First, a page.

Online Public Engagement for Cultural Heritage Organizations

Course Level: 
Master’s
Campus: 
Vienna
Course Open to: 
Remote students
Academic Year: 
2020-2021
Term: 
Fall
US Credits: 
2
Course Description: 

The course offers an introduction into the use of crowdsourcing and social media when implementing cultural heritage projects, with a special focus on engaging the public in the design, conduct, and dissemination of research.

Crowdsourcing – also known as citizen science – is becoming more and more common in the humanities as a tool for processing vast amounts of data. Members of the broader public have been involved into the collection, digitization, transcription, and description of heritage within crowdsourcing projects run by various cultural heritage organizations – galleries, libraries, archives, and museums. However, it is more than just a framework for creating content. It allows creating a community of interested individuals who are ready to work towards a specific aim.

Across industries, including the fields related to cultural heritage, social media is turning from a “nice to have” to a significant component of business strategy. Cultural heritage organizations increasingly recognize the power of social media in reaching and broadening their audience. Engaging the public with the help of these tools benefits both the audience and the organizations. The audience has easy access to the collections and knowledge, and they can learn through direct engagement with the help of interactive, collaborative digital tools. For cultural organizations, social media is an efficient way to present their work and exhibits and to involve the audience into the formation and curation of the collections.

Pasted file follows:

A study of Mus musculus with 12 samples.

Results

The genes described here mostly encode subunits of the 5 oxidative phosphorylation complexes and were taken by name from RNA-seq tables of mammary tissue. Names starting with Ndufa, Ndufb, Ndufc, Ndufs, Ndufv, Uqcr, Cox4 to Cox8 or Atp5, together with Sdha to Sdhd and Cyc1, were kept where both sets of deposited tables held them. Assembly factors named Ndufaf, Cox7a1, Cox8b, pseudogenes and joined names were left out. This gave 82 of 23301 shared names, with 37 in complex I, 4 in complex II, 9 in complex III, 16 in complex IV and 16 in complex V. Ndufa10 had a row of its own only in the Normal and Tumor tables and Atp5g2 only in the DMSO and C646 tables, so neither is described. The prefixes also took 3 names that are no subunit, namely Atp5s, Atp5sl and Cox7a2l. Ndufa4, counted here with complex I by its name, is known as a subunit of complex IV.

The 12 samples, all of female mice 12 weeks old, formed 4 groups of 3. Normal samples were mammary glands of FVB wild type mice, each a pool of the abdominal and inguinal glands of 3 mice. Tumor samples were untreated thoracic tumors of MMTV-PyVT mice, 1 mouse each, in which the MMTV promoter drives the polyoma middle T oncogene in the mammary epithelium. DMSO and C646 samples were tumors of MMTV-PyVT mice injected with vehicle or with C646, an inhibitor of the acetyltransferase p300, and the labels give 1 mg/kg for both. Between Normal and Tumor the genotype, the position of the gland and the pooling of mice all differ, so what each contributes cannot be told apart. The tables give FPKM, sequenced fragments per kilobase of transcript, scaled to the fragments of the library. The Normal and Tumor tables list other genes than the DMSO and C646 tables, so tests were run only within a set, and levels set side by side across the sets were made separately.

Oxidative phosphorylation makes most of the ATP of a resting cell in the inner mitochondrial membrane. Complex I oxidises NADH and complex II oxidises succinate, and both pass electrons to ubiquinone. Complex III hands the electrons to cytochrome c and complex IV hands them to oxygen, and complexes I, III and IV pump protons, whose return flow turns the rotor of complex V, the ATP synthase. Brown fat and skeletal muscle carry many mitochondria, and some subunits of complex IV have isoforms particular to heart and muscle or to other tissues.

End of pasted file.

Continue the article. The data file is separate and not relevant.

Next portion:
Learning Outcomes: 
  •  learn the basics of what efficient crowdsourcing and social media are and how they can be used in the fields of cultural heritage studies, humanities, and social sciences;
  • learn how to formulate the idea of a crowdsourcing project, how to identify micro-tasks for the crowd, how to define the clear and convincing aim and tasks of the project;
  • learn about various digital platforms for crowdsourcing projects and how to choose the most suitable for their project;
  • gain hands-on experience with digital tools and techniques used by scholars in the field of humanities and social sciences such as Zooniverse;
  • learn to create an effective social media content strategy
Assessment: 

50% of the final grade will come from class participation; another 50% from the final crowdsourcing project and a paper on the digital engagement strategy of a selected cultural heritage institution.

Each class will include a discussion and analysis of cases. Students will reflect on the case and present their own project. Students may be asked to work in small groups and to report on the results of small-group discussions. There will be a few compulsory readings, but also some practical homework.

Prerequisites: 

The course is designed for students specializing in cultural heritage studies as well as in public policy and the humanities in general. Familiarity with the basics of social media is expected, but this course assumes no special IT knowledge.